By Judith Scherr
BERKELEY -- The City Council stunned supporters of an aggressive minimum wage hike -- and pleased the crowd of small business owners who said the wage ought "not be raised too high too fast" -- by approving a law proposed by Mayor Tom Bates at the May 6 council meeting that brings the city's minimum wage to $10 on Jan. 1, 2015 and $10.75 by July 2016.
The measure includes creation of a committee to study future increases.
The statewide minimum wage will increase from $8 to $9 an hour on July 1, and to $10 on Jan. 1, 2016.
Berkeley's wage hike trails San Francisco where the minimum wage went to $10.74 on Jan. 1 and could increase in 2015 to $13 an hour for businesses with fewer than 100 employees and $15 an hour for larger businesses if a proposed ballot measure is successful. San Jose's base wage is $10.15. Richmond is also studying an increase.
"They caved in to the business community," Labor Commission Chairman Sam Frankel said as he left the meeting.
"It's a real slap on the face of the Labor Commission that worked on this an entire year," he told the council earlier.
The commission's proposal would have raised the minimum wage to $10.74 in June.
But business owners, while acknowledging the need for higher worker pay than the state minimum of $8 per hour ($9 per hour in July), said their businesses could fail with increases mandated in earlier iterations of the ordinance.
"This town is made up of independent businesses," said Dandy Harris, owner of two Telegraph Avenue enterprises, addressing the council. "We bring a lot to the community. I want to be here six years from now. I'm not so afraid of $10.75 an hour, but $15.25 an hour scares the crap out of me."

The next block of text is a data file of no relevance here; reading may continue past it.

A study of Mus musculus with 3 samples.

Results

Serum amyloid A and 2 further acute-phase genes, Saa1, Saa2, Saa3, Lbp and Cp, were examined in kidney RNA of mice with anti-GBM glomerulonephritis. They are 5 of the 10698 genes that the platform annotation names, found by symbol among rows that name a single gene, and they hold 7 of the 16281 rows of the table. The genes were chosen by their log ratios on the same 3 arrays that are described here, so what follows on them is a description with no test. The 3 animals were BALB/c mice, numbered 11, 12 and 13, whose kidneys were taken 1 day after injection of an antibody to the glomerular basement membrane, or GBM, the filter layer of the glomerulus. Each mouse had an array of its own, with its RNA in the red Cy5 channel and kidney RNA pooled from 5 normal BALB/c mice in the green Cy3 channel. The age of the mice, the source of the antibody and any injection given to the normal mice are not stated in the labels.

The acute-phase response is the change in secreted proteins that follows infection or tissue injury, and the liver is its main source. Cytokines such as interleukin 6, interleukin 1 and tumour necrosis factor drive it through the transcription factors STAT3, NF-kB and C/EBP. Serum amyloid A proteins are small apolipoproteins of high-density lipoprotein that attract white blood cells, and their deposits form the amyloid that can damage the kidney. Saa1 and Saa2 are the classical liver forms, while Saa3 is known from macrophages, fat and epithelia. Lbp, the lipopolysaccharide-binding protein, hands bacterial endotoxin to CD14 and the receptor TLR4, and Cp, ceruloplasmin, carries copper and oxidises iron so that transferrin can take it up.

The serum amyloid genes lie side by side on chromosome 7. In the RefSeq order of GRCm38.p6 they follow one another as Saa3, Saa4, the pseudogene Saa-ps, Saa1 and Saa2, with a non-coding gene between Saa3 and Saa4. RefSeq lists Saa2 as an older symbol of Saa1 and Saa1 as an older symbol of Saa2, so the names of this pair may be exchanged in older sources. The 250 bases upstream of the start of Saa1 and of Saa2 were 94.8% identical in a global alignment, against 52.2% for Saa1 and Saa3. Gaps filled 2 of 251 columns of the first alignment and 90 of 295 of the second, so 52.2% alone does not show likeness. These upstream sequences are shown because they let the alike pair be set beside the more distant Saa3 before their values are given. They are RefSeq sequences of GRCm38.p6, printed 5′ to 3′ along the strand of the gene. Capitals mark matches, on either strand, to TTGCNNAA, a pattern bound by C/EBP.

Many restaurateurs who addressed the council pointed to costs they could not control, such as escalating food costs and rent. Several asked the council to lobby Sacramento for commercial rent control.
But others expressed betrayal over a lesser wage.
"This is a sad day for Berkeley," said Anton Burrell, organizer with Berkeley Organizing Congregations for Action.
"When people are living right down the street that can barely make ends meet, we can't make a decision (to help)," Burrell said.
Movement for a higher local minimum wage began a year ago, when the council asked its Labor Commission to address the issue.
After numerous public meetings, the commission wrote a law kicking off with $10.74 per hour in June and increasing with the cost of living.
Beginning in 2015, the wage would have risen an additional 55 cents per hour each year, until it caught up with Berkeley's current "living wage" of $13.34 per hour, the minimum employers that contract with the city must pay their employees.
The law would have included a $2.22 per hour supplement for workers whose employers do not contribute that amount toward health benefits.
But, after lobbying the council, some labor commissioners and activists with Raise the Wage East Bay determined a council majority would not support that law. They crafted a compromise with Councilman Laurie Capitelli, which Capitelli presented at a May 1 meeting attended by more than 200 people at Longfellow Middle School.
The "Capitelli compromise" proposed a $10 per hour minimum wage beginning in August and increasing between 75 cents and $1 per hour annually until 2020, when the wage would reach $15.25, then continue increasing with the cost of living. It included no health benefit supplement.
At the May 1 meeting Capitelli's compromise drew praise from the Alameda County Central Labor Council, the Berkeley Federation of Teachers, the Berkeley school board and dozens of individuals, but was roundly criticized by the Chamber of Commerce, restaurateurs and other small business owners.
The council delayed a vote on the compromise until the May 6 meeting, where Capitelli was expected to reintroduce his plan. Instead, Capitelli took the compromise off the table.
"I made a pledge last Thursday night, to bring it to a vote tonight, and I am now in a position that I have to renege on that," he said, to a mix of applause and boos from the public.
Capitelli proposed having a committee study the issue "in the light of concerns expressed by the business community and others."
But others on the council wanted a vote that night and made various proposals, with Bates' plan winning 8-1, with Councilman Gordon Wozniak opposing. The ordinance will be finalized with a second reading May 20.